U.S. Soybeans: A Waiting Game Predicated On Chinese Buying


While nothing about the US president can be taken with absolute certainty, what’s also uncertain is how long soy prices can continue rising like this amid growing stockpiles.

U.S. Soybeans: A Waiting Game Predicated On Chinese Buying

US Soybeans Daily Chart

International Futures Group grains specialist Tom Fritz gave a simplified view of the global inventory situation in soybeans in a somber note issued Tuesday:

The US soybean carryout is 45 million bushels shy of being 1.0 billion. The world carryout continues to grow. The South American soybean crop appears to be developing in fine form. With all of this said one would think prices would be on the defensive; they’re not!!”

Trade Hanging On Hopes of China Buying

Fritz added:

“The trade is hanging their hopes/buying on the idea China is going to buy US soybeans and the amount they buy is going to make a difference.”

Dan Hueber, another agricultural markets veteran and author of the Hueber Report in St Charles, Illinois, sounded a similar caution on Tuesday:

“Little has changed in the bean market as we await something from Washington either in the form of the supply/demand report or in China negotiations.”

Soybeans are the number one US export to China, accounting for $12.4 billion in sales last year. Since early July, however, China slapped a 25 percent tariff on US soybeans, severely restricting their import along with other American merchandise, in retaliation for a similar duty by Washington on $34 billion in imports from China.

Soybeans, and their associated product soymeal, are used by the Chinese to feed the pigs they grow for pork. If unresolved, the trade feud could cost an estimated $4.6 billion of US soy exports to China this year, hurting hundreds of thousands of farmers, largely in red states, who voted Trump into power in 2016.

Soy’s Importance Could Be One Reason To End Trade War

More than any product trapped in the tit-for-tat tariffs battle, this is one that could prompt both sides to settle. It explains the market’s near 5 percent rebound over the past three weeks after the US president and his Chinese counterpart Xi Jinping held conciliatory talks on the sidelines of the G20 summit. While Trump threatened to load even more duties on China if it doesn’t comply with Washington’s trade demands within 90 days, the Xi government has been less vocal about the 90-day truce.

In a teaser to markets, Trump tweeted on Tuesday: “Very productive conversations going on with China! Watch for some important announcements!”

But the soybean market has been watching and waiting, rolling back most of the 20 percent price drop that occurred between May and September, before word of upcoming Trump-Xi talks led to a rebound.

US Soy Still Rated A ‘Strong Buy’

At Tuesday’s settlement of $9.15 per bushel, Chicago-traded soybeans for January delivery were still down nearly 5 percent on the year. Technical analysts on Investing.com still rate January soybeans a “Strong Buy” and peg resistance as high as $9.31 per bushel—meaning the contract could gain another 16 cents.

And while prices rose again Tuesday, analysts weren’t sure how long the uptrend could last without some voluminous Chinese demand coming in to balance surging US soy inventories. Fritz said stockpile estimates for soybeans were rising each week, with 8 million metric tonnes being the last count.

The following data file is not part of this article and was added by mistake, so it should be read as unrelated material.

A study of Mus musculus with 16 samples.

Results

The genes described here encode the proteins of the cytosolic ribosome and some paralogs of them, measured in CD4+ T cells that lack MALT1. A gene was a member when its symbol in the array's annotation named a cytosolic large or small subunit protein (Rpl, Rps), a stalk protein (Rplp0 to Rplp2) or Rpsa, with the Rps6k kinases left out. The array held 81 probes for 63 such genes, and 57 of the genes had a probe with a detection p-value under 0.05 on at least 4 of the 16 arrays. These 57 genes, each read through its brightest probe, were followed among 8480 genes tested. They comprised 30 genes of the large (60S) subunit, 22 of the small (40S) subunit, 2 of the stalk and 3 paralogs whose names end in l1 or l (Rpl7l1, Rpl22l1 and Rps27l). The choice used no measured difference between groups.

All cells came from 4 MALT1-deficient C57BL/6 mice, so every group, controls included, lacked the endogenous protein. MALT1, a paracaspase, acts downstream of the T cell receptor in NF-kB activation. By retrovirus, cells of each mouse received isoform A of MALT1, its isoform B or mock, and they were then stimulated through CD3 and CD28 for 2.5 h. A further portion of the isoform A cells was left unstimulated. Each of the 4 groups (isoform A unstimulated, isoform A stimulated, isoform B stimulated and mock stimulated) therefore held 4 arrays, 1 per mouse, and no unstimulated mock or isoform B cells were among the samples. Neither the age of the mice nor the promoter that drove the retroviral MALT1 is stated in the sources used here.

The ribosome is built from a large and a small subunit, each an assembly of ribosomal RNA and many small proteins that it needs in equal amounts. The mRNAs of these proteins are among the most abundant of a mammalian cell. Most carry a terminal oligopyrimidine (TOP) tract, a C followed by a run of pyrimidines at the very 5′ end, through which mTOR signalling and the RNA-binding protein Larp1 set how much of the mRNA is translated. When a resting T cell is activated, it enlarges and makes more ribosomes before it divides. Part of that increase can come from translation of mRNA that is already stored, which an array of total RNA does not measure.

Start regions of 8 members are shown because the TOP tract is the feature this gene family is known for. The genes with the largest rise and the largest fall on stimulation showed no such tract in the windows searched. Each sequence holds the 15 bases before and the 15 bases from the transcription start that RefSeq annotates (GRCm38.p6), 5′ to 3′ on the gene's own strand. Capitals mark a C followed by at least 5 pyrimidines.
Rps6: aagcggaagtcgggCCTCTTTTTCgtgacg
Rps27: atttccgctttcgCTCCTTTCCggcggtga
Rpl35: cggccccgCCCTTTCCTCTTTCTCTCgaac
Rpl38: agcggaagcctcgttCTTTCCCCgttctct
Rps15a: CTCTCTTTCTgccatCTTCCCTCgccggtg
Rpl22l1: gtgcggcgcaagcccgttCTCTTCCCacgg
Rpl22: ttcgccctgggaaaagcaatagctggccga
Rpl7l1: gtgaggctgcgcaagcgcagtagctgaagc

On speculation about Chinese buying, he wrote:

“It is thought the purchases will be split between old crop and new crop. If it is the lesser amount and it is split, you’re talking roughly 92 million bushels on each side. If our current carryout is 955 million bushels and we sell 92 million, then the carryout is 863 million bushels. Am I to believe this number is bullish?”

He added:

“Like corn, I have to wonder if the trade is already looking ahead to the January production report. There is a lot of chatter as to the amount of soybeans that were left in the field.”

“I don’t know which of this or any of this will happen, but given the fact that every attempt to sell off since Dec 3rd has been bought, I get the impression the market is getting set up for an exhaustion move to the upside similar to a buy the rumor/sell the fact type scenario.”

Argentina Ready To Grab Spoils Of US-China Trade Battle

Hueber noted that while US soy farmers were waiting for a boon in new imports from Beijing, competing growers in Argentina were moving aggressively to capture some of the spoils of the US-Sino trade war. Hueber particularly referred to remarks by Emilce Terre, chief analyst at the Rosario Exchange in Argentina, which has projected14 million metric tonnes in soy exports this year, double from last year and outpacing the 2009/10 record of 13.3 million metric tonnes.

Hueber said:

“Currently 95% of all their bean exports are headed to China. Of course, this is predicated on Argentina producing a much better crop this year as weather issues plagued last year production.”

He added:

“The irony right now though is that due to the shortfall, they have needed to import soybeans from the US and in fact for the month of October, Argentina was the top export market for US bean taking in a total of 566,272 metric tonnes.”